Spend enough time as a Home Theater Enthusiast and you’re guaranteed to learn — the hard way — that not all HDMI cables are created equally. This was true in the first days of 1080p. True in the first days of 3D. And even more true in the days of 4K/HDR when handshake and HDCP 2.2 compatibility issues will shut down your player or streaming capabilities.
For shorter HDMI runs — 3ft to 25ft — most 4K-rated like STC CABLE HDMI cables will work perfectly well.
But this changes when your display or projector is far away from your gear.
Jump past 25ft or 35ft, and everything changes. Read various Forums or Amazon reviews and you’ll see dozens of frustrated folks who have tried multiple cables only to suffer handshake issues along with picture dropout or snowy pixelation.
So what should you do if you need to a long 4K / HDR HDMI cable for a remote projector or display?
you can try fiber optic HDMI cables.
Fiber ACTIVE Optic HDMI Cables for INCREDIBLE LONG HDMI runs supporting 18Gbps for true 4K@60Hz. Active fiber cables contain copper wires inside the cable run to power the SOURCE and DISPLAY electronics. Removable HDMI-A ends expose the Micro HDMI (Type D) connectors which can be connected directly to Micro HDMI devices.
2019 will be remembered for, among other things, the emergence of 4K + HDR/Dolby Vision with WCG (Wide Color Gamut) video and native 24/96K Hi Res Audio soundtracks. Today’s data-rich content has increased dramatically, reducing the distance these signals can travel over copper by 50 percent. My post today is about whether using a copper HDMI cable of any length still makes sense or if it’s finally time to adopt HDMI fiber optics for all 4K sources and displays regardless of the length.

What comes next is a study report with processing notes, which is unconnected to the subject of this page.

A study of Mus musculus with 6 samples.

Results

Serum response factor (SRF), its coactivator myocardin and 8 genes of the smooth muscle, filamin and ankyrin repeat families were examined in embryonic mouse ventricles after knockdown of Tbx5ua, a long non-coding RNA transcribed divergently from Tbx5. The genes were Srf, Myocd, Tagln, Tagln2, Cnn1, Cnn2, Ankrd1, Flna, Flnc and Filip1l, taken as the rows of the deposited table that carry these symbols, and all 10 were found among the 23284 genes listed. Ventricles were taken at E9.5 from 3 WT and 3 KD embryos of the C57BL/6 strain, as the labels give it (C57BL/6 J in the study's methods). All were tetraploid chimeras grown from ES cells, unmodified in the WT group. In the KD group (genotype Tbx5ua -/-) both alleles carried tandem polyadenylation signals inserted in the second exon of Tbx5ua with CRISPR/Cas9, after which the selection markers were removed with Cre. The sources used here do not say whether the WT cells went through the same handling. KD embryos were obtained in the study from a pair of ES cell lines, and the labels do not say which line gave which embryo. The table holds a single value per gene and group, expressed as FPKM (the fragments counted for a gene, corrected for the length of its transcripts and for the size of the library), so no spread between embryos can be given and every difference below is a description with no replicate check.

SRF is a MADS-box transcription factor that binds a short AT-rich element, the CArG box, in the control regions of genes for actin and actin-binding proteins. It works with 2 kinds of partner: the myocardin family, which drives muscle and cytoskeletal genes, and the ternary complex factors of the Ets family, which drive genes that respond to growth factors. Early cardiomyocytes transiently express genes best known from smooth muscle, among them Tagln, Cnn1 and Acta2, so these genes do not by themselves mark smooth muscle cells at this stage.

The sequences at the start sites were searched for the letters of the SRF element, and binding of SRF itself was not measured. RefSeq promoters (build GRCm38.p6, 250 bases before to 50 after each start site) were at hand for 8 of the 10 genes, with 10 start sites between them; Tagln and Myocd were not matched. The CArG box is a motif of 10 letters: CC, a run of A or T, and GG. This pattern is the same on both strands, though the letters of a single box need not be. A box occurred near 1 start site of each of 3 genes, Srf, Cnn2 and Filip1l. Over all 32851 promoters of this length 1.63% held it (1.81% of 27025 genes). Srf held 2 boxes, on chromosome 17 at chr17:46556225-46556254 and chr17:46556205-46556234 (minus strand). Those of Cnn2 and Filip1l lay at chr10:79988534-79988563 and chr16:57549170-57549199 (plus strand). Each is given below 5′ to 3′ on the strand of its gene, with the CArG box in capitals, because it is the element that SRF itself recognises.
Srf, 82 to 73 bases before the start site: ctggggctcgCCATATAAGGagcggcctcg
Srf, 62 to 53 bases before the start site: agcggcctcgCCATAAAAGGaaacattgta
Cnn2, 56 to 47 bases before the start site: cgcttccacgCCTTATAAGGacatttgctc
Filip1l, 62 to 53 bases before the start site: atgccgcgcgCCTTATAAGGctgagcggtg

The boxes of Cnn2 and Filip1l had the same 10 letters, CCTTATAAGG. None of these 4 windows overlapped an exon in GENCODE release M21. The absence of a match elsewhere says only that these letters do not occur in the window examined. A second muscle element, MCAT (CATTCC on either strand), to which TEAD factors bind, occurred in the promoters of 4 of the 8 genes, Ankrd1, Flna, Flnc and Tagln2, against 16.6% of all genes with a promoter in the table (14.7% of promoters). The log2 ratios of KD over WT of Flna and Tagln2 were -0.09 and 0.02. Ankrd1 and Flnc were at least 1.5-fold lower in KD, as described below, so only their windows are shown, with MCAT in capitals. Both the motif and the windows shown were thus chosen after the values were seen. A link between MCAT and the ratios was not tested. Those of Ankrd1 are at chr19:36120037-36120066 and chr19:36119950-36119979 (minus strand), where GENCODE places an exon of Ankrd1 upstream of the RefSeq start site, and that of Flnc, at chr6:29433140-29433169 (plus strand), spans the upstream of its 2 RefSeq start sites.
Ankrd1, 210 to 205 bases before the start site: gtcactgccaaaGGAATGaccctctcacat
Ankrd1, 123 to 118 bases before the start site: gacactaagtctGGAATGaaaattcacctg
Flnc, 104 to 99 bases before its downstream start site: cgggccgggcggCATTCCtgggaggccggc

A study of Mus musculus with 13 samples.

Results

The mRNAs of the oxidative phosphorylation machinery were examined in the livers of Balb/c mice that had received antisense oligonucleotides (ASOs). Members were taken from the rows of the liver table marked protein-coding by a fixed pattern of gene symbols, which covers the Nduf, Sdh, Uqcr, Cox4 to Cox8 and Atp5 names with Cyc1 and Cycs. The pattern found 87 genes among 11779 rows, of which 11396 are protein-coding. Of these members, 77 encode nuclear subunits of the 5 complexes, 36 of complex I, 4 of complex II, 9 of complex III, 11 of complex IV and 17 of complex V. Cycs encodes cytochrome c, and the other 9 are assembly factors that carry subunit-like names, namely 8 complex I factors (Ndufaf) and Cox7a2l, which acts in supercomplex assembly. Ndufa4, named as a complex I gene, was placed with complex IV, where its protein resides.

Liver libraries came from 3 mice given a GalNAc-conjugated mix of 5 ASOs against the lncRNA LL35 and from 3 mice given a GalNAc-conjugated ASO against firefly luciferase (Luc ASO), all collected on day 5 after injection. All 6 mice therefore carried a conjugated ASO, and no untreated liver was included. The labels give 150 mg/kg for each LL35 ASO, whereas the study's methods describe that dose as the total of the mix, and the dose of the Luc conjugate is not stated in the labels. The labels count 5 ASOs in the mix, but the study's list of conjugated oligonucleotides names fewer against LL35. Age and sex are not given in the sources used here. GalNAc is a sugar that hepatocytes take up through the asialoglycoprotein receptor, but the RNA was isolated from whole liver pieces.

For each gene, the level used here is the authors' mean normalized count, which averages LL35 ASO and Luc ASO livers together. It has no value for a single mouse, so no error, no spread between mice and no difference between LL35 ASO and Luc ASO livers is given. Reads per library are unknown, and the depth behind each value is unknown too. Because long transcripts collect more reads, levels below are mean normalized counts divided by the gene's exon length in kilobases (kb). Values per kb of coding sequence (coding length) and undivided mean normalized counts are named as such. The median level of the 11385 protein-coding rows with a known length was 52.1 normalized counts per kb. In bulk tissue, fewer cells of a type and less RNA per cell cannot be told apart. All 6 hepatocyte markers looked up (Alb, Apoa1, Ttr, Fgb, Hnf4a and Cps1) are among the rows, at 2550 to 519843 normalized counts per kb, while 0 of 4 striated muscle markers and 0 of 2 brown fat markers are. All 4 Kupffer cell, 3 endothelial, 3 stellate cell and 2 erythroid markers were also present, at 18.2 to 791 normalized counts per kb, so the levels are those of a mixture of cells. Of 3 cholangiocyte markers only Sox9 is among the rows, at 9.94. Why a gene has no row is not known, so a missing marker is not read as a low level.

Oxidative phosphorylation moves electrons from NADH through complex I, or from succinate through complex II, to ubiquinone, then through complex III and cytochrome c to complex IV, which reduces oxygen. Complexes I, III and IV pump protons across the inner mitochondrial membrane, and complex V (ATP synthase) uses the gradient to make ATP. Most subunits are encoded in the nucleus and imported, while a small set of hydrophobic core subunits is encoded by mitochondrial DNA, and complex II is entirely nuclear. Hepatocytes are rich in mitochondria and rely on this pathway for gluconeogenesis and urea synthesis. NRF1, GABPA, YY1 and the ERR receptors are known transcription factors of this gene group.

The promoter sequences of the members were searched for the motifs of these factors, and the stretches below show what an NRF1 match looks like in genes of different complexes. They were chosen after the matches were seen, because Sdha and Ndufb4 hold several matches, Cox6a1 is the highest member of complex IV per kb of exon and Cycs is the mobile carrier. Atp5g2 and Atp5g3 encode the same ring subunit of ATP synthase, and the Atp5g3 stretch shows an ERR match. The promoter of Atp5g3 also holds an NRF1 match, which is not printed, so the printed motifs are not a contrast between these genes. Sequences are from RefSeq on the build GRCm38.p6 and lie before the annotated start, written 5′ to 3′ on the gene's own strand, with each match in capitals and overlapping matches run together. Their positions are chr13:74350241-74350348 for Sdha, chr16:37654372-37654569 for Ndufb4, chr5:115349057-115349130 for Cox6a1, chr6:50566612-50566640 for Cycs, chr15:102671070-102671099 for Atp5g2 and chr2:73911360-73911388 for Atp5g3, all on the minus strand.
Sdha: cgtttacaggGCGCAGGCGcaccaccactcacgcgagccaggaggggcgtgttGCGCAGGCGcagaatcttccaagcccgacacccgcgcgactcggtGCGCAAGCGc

The price for fiber optics has come down, so it’s an option to consider when your client is buying r new 4K TV. If you want the best 4K experience for your client’s home theater or gaming system, fiber is the way to go for very good technical reasons: 18 Gbps is fast, but the speed of light is way faster.
In the previous generation of high-def video, the highest resolution was native 1080p from a Blu-ray disc. When we tested HDMI copper cables using the benchmark eye pattern test, we discovered that HDMI over copper at 1080p collapsed the eye at 33 feet, resulting in a black screen. For distances above 30 feet for 1080p, fiber optic connections became the standard for the best performance. Distances under 33 feet can use copper and get decent results on 1080p. With three times more data, native 4K is much more challenging than 1080p. HDMI v2.0a requires a new eco-system of sources, cables, DAC, and display for the new resolution to come through. Old HDMI cables will not work for 4K because they’re too slow. HDMI v1.4 inputs and outputs on your AVR or pre pro won’t either for 4K.
HDMI copper cables are rated for their impedance. The least expensive versions are 27 ohms, the medium-priced versions are 24 ohms, and the most expensive high-speed copper cables are rated for 21 ohms and sell for the highest prices. Cat-6 is rated at 23 ohms, so it’s no panacea. Impedance is a measurement of “resistance” or how much the signal is impeded from reaching its destination intact. Anybody with an earlier generation projector or display found out through trial and error long ago that fiber was required for long distance transmission of native 1080p signals.